The multi-billion dollar diet industry wants people to believe that managing weight takes a complete diet overhaul, giving up their favorite foods and participating in specific exercises. The reality is that busy parents simply don’t have the time or energy to do these things for long.
As a registered dietitian who has worked in the field for 15 years, I believe maintaining a healthy weight does not have to be complicated. In fact, I think it’s much, much easier than people realize.
During my twenties, I went through a period where my weight fluctuated and I struggled with eating. But when I learned the following lessons, my weight naturally fell to the right place for me. And the best part about it wasn’t my stable weight, but how simple and enjoyable eating had become.
Lesson #1. Eat what you want.
“Do you even enjoy eating, Maryann?” was the question a friend had for me as I bemoaned about bread served with butter already on it. That question changed my life — and how I viewed food.
I realized that I was so caught up in “good” and “bad” food — and my weight — that I no longer enjoyed eating. When I finally did eat the “bad” food, I’d eat too much. And I’d eat too much of the “good” food because it wasn’t always what I truly wanted to eat. I was simply eating too much!
Photo by Adrienne Bassett
So instead of categorizing food as “good” or “bad,” I included all foods in my diet without judgment. What I discovered rocked my world. My body didn’t crave junk — it wanted mostly nutritious foods with smaller amounts of my favorite sweets.
Lesson #2. Let your stomach decide.
Something amazing happened after I learned lesson number one: I started listening to my body more.
Because I could eat any food I wanted, any time I wanted, my desire to overeat practically disappeared. No more stuffing myself on vacations, on Friday nights or at birthday parties. When I got comfortably full and satisfied, I’d leave food on my plate. I watched my body signals, took my time to sit for meals, and ate more slowly.
If you really pay attention to your stomach and its signals, you won’t have to count calories or eat food that doesn’t satisfy. This is the first nutrition lesson my four year-old gets: when she wants more food or asks to leave the kitchen table early, I ask her what her tummy says.
Lesson #3. Make feeding yourself a priority.
Feeding myself regular meals and snacks has never been a problem of mine, but it has been so for many of my clients.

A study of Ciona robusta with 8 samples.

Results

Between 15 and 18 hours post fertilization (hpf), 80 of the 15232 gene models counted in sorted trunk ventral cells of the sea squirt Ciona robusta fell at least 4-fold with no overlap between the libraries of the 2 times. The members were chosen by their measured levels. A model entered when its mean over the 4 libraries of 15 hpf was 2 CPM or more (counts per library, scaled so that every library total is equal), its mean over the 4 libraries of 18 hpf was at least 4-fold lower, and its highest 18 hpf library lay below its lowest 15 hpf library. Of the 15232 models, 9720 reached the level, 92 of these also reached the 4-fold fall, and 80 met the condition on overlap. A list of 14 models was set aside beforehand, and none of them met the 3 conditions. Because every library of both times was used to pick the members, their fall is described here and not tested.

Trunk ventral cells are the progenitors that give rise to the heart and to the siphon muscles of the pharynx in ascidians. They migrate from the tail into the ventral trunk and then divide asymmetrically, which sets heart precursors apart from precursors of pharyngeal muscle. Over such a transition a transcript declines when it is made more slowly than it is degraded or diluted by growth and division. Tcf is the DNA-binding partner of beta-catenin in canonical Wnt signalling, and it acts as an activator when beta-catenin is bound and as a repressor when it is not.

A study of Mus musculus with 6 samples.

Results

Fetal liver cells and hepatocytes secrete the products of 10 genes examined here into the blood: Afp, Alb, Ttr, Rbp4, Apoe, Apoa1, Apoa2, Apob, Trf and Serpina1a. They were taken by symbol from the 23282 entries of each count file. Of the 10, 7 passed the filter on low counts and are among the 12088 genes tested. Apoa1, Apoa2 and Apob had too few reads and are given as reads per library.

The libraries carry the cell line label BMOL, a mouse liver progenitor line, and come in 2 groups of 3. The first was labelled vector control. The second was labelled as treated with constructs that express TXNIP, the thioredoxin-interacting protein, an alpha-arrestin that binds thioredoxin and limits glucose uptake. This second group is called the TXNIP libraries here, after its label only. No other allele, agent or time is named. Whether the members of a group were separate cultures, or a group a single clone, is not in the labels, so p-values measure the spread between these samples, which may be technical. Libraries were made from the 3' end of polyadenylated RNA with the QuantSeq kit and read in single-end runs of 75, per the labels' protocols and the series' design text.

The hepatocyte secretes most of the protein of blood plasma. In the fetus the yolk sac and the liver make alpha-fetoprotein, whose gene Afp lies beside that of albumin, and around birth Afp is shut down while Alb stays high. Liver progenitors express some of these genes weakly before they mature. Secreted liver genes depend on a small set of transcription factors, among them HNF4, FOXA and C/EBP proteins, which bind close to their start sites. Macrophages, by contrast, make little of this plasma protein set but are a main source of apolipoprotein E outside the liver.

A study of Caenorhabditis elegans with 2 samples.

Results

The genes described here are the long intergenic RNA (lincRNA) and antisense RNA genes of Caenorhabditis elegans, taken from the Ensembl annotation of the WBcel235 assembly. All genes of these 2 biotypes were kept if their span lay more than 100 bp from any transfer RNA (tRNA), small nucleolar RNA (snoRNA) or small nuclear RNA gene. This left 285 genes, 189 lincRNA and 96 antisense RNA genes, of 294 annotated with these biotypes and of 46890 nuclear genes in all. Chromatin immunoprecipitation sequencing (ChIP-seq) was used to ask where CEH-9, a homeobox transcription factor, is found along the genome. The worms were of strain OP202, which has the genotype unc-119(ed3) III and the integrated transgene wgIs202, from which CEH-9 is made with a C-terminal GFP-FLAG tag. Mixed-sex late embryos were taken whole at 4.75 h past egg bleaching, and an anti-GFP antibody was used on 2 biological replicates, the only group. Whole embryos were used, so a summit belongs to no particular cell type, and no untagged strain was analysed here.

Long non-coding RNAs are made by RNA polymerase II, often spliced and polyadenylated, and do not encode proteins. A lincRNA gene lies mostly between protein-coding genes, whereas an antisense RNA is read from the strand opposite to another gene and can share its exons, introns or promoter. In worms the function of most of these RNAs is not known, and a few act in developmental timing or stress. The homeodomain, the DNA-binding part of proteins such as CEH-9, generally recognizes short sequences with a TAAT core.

The rare times I do skip breakfast, or put off a meal later than it should be, I’m attacked by a relentless hunger later that is hard to satisfy. The better job I do feeding myself during the day, the easier it is to manage my hunger overall.
Lesson #4. Get enough slumber.
Photo by Deborah Morrison
When I had my second child, the extra weight lingered for much longer than it did the first time around. And it was due to one thing: lack of sleep. My son was colicky and slept horribly the first four months of his life.
Research shows that inadequate sleep is associated with higher weights. Scientists believe that hunger hormones rise in sleep-deprived individuals, causing hunger and overeating.
So when I find myself wanting to eat 24/7, I check my sleep, and often find it’s time to go to bed earlier or have a sleep-in day.
Lesson #5. Follow those passions.
“I’m happy,” was the answer a co-worker gave me after I asked about the considerable amount of weight she had lost. She told me she had finally pursued her passion of acting and recently landed a role in a play. Being involved in something she loved made eating less attractive, and she lost weight without even trying.
I believe I used to eat more for this same reason. I was scared to do the things I really wanted to do, and food was a nice comfort. But as I slowly started taking chances in life and found activities that made me feel alive, food became less desirable.
So there they are — five simple lessons that helped me get (and stay) at a weight that’s right for me. You’ll notice that I didn’t mention a thing about carbs, fat or calories.
I believe what matters most for weight management is “how much” someone eats. And for me, discovering what caused me to eat more than my body needed made the biggest difference. It really can be that simple.
So tell me, what lessons have you learned about keeping weight management simple?